Lesch-Nyhan disease (LND) is a developmental disorder caused by congenital deficiency of the purine salvage enzyme hypoxanthine-guanine phosphortbosyltransferase (HPRT). Affected patients have a characteristic neurobehavioral phenotype which includes dystonia, choreoathetosis, spasticity, cognitive disability, and aggressive and self-injurious behavior. Although multiple mutations responsible for the disorder have been cloned and the functions of the gene product extensively characterized, we still have a very limited understanding of the pathophysiological events which lead from the gene defect to the complex neurobehavioral phenotype. Prior studies of LND have revealed marked increases in de novo purine synthesis as well as depletion of basal ganglia dopamine. However, the relationship between these two abnormalities and the mechanisms by which HPRT deficiency causes depletion of basal ganglia dopamine remain unclear. A genetic HPRT-deficient (HPRT-) mouse model has been produced which has similar changes in brain purine and dopamine systems, making it an ideal tool to investigate potential relationships between purine and dopamine systems in the HPRT- deficient brain. In the present proposal, we plan to investigate these relationships. Our hypothesis is that a combination of purine deficiency and /or oxidant stress results in an early degenerative process of brain dopamine systems in the HPRT - mouse brain.
Specific Aim 1 involves a characterization of the neuronanatomical basis for reduced basal ganglia dopamine in the HPRT - mice at the light and electron microscopic levels. We will determine if HPRT - mice have reduced numbers of midbrain dopamine neurons or reduced dopamine fibers extending into the basal ganglia.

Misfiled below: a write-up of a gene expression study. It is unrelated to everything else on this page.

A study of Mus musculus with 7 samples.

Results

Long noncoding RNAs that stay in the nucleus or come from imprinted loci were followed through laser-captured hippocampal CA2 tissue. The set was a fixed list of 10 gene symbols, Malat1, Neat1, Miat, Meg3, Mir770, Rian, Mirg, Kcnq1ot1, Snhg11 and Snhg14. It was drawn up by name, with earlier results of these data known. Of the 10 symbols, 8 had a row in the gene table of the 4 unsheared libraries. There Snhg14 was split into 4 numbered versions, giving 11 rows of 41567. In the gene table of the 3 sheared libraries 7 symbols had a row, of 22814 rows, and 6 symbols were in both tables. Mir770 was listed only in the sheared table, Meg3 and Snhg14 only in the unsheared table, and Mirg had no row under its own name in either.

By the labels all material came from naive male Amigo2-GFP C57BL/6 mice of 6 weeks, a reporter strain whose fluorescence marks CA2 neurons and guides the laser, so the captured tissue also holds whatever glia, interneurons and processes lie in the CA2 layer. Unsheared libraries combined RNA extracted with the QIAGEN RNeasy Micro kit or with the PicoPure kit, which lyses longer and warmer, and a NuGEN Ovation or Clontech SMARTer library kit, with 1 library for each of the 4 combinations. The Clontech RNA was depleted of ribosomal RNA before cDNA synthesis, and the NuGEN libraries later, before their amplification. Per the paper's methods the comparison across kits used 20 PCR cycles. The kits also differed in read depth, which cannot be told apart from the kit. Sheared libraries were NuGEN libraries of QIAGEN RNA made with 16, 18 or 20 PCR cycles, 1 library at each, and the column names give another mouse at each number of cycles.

Aim 2 addresses the possibility that a deficiency of brain purines during development may be responsible for abnormal dopamine neuron develop or function. We will use nuclear magnetic resonance spectroscopy for 31-phosphorus (31P-NMRS) to measure brain purines during development, and determine if manipulation of brain purines during development can alter the degree of dopamine loss.
Aim 3 addresses the possiblity that increased de novo purine synthesis and turnover is associated with excessive generation of free radicals by xanthine oxidase, leading to oxidant stress and dysfunction of the dopamine neurons. We will measure indices of oxidant stress and determine if manipulating the degree of oxidant stress during development can alter the degree of dopamine loss. These studies have direct relevance for understanding mechanisms of pathogenesis and possible treatment strategies for LND. In addition, the studies have broader implications for understanding purine-dopamine relationships in normal and abnormal brain development.